Female entertainment isn’t a place for misogyny

Illustration by Monte | The Signal

In 2019, rapper Meagan Thee Stallion coined the phrase “hot girl summer,” an extension of her “hottie” fan base. Hot girl summer originally was a playful representation of her platform and soon spiraled into confusion and controversy. 

Around the country, many celebrities and consumers attempted to figure out the meaning of the phrase. Many people assumed it was just a catchy phrase, but as the term became associated with another trend, “city girl summer,” it became associated with themes of infidelity, STDs, poor feminine hygiene and credit card fraud. 

As salacious trends like the cucumber challenge became popular, the two phrases became interchangeable and synonymous with self-degradation.

Soon, the narrative shifted from people enjoying their summer break or aimlessly shouting song lyrics to women debasing themselves for social media validation. Anytime a woman was arrested for fighting or caught being unfaithful, Meagan Thee Stallion and other female entertainers were scapegoated and blamed. 

Traditionalist men and self-hating women took their criticism a step further by equating women willingly embarrassing themselves to the documented and statistically proven abuse and disregard for women. 

Suddenly, the people who perpetuate an entire culture dedicated to misogyny, rape culture and inequality under the guise of “tradition” were being downplayed in their role in modern gender politics. Women, who can only claim at most one hundred years of voting rights and a failed amendment for equality, were equally yoked in gender inequality because they shoved unwashed produce down their throats.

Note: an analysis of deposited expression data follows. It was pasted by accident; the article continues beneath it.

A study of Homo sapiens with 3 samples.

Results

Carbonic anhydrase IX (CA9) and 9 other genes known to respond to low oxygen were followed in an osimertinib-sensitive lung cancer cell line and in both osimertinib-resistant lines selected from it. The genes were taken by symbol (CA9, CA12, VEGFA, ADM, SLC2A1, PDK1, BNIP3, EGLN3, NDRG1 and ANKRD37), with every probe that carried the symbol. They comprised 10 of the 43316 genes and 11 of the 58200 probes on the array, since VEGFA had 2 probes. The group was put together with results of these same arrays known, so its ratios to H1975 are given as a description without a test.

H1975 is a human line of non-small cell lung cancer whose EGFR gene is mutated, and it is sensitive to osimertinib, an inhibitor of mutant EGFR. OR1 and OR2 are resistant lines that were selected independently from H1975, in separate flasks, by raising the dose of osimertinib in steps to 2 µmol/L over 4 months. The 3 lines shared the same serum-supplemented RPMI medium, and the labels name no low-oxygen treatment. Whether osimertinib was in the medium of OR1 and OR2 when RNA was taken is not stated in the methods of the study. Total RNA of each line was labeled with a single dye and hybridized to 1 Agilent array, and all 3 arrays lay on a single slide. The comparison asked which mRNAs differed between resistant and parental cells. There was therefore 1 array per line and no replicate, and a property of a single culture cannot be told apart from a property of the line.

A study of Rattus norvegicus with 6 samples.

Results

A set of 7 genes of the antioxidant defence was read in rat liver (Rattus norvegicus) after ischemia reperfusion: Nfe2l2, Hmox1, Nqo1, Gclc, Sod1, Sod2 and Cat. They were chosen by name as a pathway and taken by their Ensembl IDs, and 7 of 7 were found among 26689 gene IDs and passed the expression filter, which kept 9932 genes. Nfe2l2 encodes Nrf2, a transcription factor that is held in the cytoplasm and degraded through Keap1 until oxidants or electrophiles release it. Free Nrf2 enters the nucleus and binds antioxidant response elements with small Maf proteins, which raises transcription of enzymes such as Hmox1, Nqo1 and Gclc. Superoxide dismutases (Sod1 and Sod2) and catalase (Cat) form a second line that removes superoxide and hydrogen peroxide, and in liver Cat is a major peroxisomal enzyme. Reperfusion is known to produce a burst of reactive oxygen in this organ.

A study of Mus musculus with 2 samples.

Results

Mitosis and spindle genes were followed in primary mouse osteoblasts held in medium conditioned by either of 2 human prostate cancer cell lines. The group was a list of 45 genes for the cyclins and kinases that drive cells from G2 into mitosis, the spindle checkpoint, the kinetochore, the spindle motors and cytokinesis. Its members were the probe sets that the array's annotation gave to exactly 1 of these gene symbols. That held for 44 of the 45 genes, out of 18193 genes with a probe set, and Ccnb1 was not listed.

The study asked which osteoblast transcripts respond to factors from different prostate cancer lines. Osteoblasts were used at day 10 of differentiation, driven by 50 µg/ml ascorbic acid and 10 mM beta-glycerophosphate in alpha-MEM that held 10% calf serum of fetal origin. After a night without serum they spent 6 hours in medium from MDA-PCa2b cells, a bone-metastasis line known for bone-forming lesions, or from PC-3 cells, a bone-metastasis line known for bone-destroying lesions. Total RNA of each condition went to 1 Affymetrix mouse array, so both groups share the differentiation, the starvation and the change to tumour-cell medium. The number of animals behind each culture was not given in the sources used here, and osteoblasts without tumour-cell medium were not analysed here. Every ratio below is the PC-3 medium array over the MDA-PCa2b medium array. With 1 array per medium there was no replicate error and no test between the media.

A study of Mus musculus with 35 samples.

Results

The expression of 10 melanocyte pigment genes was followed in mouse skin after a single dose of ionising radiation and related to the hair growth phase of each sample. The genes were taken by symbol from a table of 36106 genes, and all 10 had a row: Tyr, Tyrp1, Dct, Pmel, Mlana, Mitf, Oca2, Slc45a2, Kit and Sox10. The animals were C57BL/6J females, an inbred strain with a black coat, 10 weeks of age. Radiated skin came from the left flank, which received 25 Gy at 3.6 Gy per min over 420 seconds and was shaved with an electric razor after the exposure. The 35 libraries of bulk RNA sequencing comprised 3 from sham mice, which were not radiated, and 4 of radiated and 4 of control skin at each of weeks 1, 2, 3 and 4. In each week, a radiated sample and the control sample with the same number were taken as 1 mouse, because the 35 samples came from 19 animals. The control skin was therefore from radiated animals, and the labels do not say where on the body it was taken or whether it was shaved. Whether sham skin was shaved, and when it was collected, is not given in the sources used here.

“Hot girl summer” is one of the innumerable attempts to amplify the folly of women and justify or exonerate the folly of men. Women are capable of abuse, murder, misogyny and homophobia; however, isolated incidents do not negate the fact that women are more susceptible to nearly all forms of abuse and trafficking compared to their male counterparts.

A woman’s performative insecurity doesn’t negate the normalization of catcalling and other forms of street harassment. A song about exclusively dating men with money doesn’t negate the pay gap. Not adhering to the homemaker gender role doesn’t equate to sexual assault forensic suppression.

Many of the skeptics of female rap culture, including music mogul Jermaine Dupri, who referred to mainstream female rap as “strap,” criticized mainstream female artists for being one-dimensional and overly sexualized, but interestingly, they don’t extend that criticism to male rappers. 

Since the inception of the subgenre “gangster rap” and “trap music,” the likes of Migos, Future, NWA, Snoop Dogg and others have established the blueprint for rappers: Young men glorify and live lives of self-destructive behaviors including drug use, abuse and trafficking, proximity crime, domestic violence, sexually transmitted diseases, infidelity and child neglect, which are met with shrugs, such as “it’s just music” or “give us time to mature.” 

The climate of hot girl summer illuminated the subtle ways in which misogyny still manifests itself. Many people claimed to be confused by the phrase, yet they were upset, illustrating a disdain for women’s joy. 

Popular female rappers are villainized for committing a fraction of the unsavory behaviors commonly associated with the music of their male counterparts, illustrating a clear gender bias in the industry and consumer bases.

Instead of attempting to exonerate male contribution to sexism and misogyny, we should have an open discussion about how it affects each facet of our society and how it may be internalized by both men and women. 

Instead of fixating on why women are enjoying something, we should attempt to solve the common practice of women traveling in packs to the bathroom or on a daily jog.

Anyone is capable of toxicity, but we all don’t benefit from a society that thrives on sexist abuse and disregard. It is important to remember the global implications of misogyny, before using music as fodder for further disdain for women.